India’s attention has been drawn to the ongoing joint maritime exercise—Sea Guardian-3—being conducted by the Chinese and Pakistani navies in the northern Arabian Sea. While China’s official stance maintains that the exercise aims to strengthen joint responses to maritime security threats, India remains wary of China’s growing presence in the Indian Ocean Region (IOR) and Arabian Sea (AS).
The growing Chinese naval presence in the IOR and AS has been a cause for concern for India for some time. The docking of Chinese ships and submarines at Karachi, Pakistan, has further heightened India’s apprehensions about China’s intentions in the region.
India’s concerns are not without basis. The Gwadar port, located in Pakistan, is a strategic deep-sea port that forms a crucial part of China’s Belt and Road Initiative (BRI). The port’s proximity to the Strait of Hormuz, through which a significant portion of the world’s oil passes, raises concerns about China’s potential to exert influence over the region’s energy supply.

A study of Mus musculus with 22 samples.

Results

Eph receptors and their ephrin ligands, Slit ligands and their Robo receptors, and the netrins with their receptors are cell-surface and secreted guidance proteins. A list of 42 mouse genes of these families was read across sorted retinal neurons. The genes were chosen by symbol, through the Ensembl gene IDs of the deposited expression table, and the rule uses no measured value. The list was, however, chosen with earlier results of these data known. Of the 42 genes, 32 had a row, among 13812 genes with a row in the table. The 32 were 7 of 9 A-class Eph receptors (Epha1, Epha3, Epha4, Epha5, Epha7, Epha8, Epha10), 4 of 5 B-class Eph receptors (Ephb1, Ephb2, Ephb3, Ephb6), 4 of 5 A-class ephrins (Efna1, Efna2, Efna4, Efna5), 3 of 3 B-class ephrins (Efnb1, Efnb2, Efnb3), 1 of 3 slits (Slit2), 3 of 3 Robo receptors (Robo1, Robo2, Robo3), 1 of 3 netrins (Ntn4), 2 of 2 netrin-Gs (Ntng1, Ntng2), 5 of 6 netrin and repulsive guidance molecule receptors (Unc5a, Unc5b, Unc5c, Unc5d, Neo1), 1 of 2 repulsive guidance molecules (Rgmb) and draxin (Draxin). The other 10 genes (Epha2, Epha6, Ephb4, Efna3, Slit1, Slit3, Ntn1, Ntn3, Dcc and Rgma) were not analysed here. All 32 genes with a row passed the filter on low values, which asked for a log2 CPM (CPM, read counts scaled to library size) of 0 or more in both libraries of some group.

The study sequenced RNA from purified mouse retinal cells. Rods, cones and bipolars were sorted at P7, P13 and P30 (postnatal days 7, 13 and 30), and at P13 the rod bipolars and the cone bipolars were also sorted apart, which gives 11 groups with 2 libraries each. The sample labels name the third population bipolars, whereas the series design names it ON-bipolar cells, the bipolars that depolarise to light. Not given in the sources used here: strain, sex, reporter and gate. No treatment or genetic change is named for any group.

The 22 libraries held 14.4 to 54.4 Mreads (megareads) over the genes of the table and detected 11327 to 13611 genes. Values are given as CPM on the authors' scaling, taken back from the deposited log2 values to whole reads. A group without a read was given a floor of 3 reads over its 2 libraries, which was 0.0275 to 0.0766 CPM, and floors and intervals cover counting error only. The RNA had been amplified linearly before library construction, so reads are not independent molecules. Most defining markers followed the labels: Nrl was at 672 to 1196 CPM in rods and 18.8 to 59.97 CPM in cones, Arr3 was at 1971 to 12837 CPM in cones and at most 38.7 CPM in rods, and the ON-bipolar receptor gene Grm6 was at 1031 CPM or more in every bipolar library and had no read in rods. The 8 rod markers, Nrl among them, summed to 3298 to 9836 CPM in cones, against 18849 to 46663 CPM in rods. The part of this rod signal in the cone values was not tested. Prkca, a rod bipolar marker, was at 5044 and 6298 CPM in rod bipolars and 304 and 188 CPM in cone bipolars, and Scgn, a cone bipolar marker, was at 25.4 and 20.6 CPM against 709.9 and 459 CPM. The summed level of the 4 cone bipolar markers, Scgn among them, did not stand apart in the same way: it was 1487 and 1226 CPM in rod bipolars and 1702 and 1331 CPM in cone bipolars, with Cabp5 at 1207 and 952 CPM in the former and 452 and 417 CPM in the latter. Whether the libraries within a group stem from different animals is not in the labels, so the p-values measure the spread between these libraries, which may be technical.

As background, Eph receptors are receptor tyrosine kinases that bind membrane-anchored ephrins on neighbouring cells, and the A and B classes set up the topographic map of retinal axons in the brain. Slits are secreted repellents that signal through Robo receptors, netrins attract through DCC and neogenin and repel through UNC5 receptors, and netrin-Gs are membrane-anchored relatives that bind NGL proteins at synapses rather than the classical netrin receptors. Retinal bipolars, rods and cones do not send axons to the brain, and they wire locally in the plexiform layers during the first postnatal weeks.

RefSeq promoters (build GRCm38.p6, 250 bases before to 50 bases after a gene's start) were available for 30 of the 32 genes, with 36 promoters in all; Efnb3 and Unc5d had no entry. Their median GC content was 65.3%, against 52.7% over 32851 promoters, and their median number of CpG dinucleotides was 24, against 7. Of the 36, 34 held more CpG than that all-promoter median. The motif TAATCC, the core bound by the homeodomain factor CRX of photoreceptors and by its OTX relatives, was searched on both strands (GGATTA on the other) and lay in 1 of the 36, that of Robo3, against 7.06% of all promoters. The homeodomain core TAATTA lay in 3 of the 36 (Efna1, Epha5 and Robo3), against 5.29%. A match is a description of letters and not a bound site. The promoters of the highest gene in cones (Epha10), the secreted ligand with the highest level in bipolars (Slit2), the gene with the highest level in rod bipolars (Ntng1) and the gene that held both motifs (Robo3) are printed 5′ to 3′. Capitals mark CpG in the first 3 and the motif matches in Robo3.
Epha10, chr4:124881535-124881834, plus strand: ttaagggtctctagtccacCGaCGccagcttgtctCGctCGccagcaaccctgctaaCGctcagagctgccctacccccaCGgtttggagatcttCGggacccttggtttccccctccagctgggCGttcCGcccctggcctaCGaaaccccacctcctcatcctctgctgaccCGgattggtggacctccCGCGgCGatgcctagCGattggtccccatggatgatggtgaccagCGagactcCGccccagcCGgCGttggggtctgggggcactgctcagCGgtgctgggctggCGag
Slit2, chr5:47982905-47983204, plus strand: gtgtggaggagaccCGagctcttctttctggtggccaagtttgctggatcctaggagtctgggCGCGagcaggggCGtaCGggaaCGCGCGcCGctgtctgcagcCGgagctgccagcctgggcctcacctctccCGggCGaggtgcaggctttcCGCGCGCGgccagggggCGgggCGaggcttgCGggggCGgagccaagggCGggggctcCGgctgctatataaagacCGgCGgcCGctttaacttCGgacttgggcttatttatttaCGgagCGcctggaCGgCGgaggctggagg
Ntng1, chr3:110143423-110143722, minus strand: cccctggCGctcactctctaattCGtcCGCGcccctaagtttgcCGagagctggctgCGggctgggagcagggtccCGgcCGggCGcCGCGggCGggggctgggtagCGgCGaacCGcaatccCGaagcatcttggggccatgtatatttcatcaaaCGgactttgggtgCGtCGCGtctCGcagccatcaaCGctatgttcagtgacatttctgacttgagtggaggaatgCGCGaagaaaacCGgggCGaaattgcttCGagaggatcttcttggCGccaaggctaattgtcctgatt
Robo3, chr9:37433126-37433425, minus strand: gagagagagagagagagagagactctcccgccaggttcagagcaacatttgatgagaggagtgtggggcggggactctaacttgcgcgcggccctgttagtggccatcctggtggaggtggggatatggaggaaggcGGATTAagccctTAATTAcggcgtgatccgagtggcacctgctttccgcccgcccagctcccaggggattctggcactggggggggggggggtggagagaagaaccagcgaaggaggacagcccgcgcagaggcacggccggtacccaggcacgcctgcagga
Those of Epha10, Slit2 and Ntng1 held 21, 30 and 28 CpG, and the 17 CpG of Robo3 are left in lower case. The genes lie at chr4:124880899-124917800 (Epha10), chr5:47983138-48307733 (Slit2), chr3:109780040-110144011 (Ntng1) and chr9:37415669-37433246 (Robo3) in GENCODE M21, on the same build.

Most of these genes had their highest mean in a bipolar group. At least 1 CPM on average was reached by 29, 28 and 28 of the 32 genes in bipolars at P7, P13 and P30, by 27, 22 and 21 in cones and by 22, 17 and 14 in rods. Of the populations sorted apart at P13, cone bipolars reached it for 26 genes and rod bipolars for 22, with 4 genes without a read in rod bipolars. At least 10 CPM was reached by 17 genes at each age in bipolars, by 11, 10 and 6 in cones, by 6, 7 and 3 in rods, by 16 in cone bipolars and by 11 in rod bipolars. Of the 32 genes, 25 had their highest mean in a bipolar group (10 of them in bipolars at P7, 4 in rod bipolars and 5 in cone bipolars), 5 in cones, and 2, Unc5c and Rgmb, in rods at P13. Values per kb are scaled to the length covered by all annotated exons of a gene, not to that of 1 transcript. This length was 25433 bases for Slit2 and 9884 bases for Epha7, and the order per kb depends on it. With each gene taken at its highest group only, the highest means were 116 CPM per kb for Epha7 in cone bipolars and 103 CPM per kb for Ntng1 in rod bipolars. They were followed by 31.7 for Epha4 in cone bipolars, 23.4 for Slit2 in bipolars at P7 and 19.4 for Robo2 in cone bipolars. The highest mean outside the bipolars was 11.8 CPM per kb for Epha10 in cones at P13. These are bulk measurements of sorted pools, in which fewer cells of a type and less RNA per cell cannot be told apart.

Moreover, the Gwadar port’s strategic location provides China with an ideal base for intelligence operations and naval power projection in the IOR. This development has not gone unnoticed by India, which views China’s growing presence in the region as a threat to its own security interests.
The ongoing Sea Guardian-3 exercise further reinforces India’s concerns. The exercise, which includes anti-submarine operations and joint maritime patrols, is seen as a demonstration of China’s growing military capabilities in the region.
India has been closely monitoring China’s activities in the IOR and AS, and the recent joint maritime exercise is likely to further strengthen India’s resolve to safeguard its maritime interests in the region. India is expected to continue to enhance its own naval capabilities and bolster its alliances with other regional powers to counter China’s growing influence in the IOR.